EnglishEdit

NounEdit

earth-pig (plural earth-pigs)

  1. Alternative form of earth pig
    • 1928, Ferdynand Antoni Ossendowski, Slaves of the sun, page 149:
      Here we met with the large and deep lairs of the porcupine (Hystrix cristata) and also of the earth-pig, a devourer of ants and termites. The burrows of the earth-pig are several yards deep, and hidden in the grass they constitute a dangerous impediment to the traveller and hunter.
    • 1881, Seven Years in South Africa:
      Two more porcupines, a jumping-hare, and a South African skunk, all had a similar fate, and then the dogs took a circuitous route back again to the hills, and started an earth-pig (Orycteropus capensis).
    • 1864, Lewis Grout, Zulu-land: Or, Life Among the Zulu-Kafirs of Natal and Zulu-land:
      Altogether a different animal from those above named is the so-called earth-pig (Orycteropus capensis,) which some call also the ant-eater, or the ant-bear, the Isambane of the natives. His hog-like head, with a long upper jaw, which projects far over the lower, and terminates in a snout; his erect, large, pointed ears; the shape, size, and position of the eyes; and some other things, make him look, at first sight, not a little piggish; and hence, with his habit of burrowing and spending his days mostly in the earth, he comes, properly enough, by the name of earth-pig.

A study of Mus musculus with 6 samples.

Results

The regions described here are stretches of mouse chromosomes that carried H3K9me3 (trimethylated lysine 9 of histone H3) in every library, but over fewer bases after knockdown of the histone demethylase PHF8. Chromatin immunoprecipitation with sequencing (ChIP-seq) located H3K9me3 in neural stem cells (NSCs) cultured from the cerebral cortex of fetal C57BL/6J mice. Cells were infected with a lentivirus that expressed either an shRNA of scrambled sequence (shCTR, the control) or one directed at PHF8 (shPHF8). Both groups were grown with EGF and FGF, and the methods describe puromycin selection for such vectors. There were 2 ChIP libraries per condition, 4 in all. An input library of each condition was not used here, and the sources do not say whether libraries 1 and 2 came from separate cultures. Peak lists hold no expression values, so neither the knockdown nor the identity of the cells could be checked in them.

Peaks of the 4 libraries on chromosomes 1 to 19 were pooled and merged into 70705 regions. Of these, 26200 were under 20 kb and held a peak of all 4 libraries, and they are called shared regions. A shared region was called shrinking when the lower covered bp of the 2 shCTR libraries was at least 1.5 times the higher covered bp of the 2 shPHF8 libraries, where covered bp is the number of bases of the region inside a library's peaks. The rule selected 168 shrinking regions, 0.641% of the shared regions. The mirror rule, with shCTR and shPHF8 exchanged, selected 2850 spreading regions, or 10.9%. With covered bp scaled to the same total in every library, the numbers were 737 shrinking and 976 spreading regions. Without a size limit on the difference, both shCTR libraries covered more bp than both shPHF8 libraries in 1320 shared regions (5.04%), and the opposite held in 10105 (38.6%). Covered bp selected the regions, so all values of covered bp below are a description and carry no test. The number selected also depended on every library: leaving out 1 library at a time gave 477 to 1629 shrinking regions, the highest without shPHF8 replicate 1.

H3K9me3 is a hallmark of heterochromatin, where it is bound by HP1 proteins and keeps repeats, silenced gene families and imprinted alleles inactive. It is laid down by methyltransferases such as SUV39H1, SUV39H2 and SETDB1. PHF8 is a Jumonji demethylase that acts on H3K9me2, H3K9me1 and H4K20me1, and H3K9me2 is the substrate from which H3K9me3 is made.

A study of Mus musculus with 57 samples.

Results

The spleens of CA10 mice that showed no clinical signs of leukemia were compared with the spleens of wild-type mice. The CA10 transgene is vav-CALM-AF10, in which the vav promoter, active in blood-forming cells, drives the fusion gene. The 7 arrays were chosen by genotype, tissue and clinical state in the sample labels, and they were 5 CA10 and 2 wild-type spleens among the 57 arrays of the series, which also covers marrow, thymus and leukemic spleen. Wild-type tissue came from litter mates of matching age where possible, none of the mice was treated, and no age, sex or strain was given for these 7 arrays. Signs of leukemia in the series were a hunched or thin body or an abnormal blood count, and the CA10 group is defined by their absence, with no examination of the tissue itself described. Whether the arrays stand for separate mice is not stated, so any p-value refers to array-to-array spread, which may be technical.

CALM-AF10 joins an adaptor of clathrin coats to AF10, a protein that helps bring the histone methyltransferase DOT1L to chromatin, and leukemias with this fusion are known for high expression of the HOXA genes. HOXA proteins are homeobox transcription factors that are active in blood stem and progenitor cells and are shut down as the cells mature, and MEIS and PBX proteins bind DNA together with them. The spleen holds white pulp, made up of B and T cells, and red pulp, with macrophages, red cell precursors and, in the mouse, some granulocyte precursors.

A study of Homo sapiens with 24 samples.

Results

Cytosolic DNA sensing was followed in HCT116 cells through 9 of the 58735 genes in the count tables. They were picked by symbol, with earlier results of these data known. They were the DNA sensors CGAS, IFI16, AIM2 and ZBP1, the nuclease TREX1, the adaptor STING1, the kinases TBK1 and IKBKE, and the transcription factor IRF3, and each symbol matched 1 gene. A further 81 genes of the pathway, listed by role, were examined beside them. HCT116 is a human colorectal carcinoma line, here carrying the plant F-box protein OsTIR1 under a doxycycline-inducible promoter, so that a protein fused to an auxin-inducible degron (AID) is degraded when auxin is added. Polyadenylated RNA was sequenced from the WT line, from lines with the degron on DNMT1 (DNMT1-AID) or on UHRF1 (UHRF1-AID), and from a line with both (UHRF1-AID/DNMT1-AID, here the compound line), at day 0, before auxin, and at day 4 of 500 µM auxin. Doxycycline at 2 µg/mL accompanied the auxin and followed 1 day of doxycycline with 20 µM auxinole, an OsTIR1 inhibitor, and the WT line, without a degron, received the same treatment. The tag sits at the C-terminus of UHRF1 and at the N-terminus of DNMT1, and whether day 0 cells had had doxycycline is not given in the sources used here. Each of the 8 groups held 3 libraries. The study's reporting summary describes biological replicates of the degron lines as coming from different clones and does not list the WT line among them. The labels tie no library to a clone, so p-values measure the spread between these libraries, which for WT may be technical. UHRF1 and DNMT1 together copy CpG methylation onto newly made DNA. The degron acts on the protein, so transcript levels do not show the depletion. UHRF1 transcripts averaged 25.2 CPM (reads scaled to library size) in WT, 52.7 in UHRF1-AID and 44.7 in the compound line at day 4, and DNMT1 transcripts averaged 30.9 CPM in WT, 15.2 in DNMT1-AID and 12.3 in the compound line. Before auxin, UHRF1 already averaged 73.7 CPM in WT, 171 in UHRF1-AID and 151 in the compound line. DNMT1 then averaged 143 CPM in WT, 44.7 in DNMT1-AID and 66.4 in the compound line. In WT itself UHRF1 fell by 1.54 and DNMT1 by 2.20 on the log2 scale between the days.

• 1972, John Gilbert, Africa, struggle for survival in the bush, page 218:
      The Belgian naturalist R. Verheyen has pointed out that in fact the range of distribution of the two animals overlaps so closely that it is probable that warthogs will not populate a new region unless they can be certain that the hard-working earth-pigs are already there to make life bearable.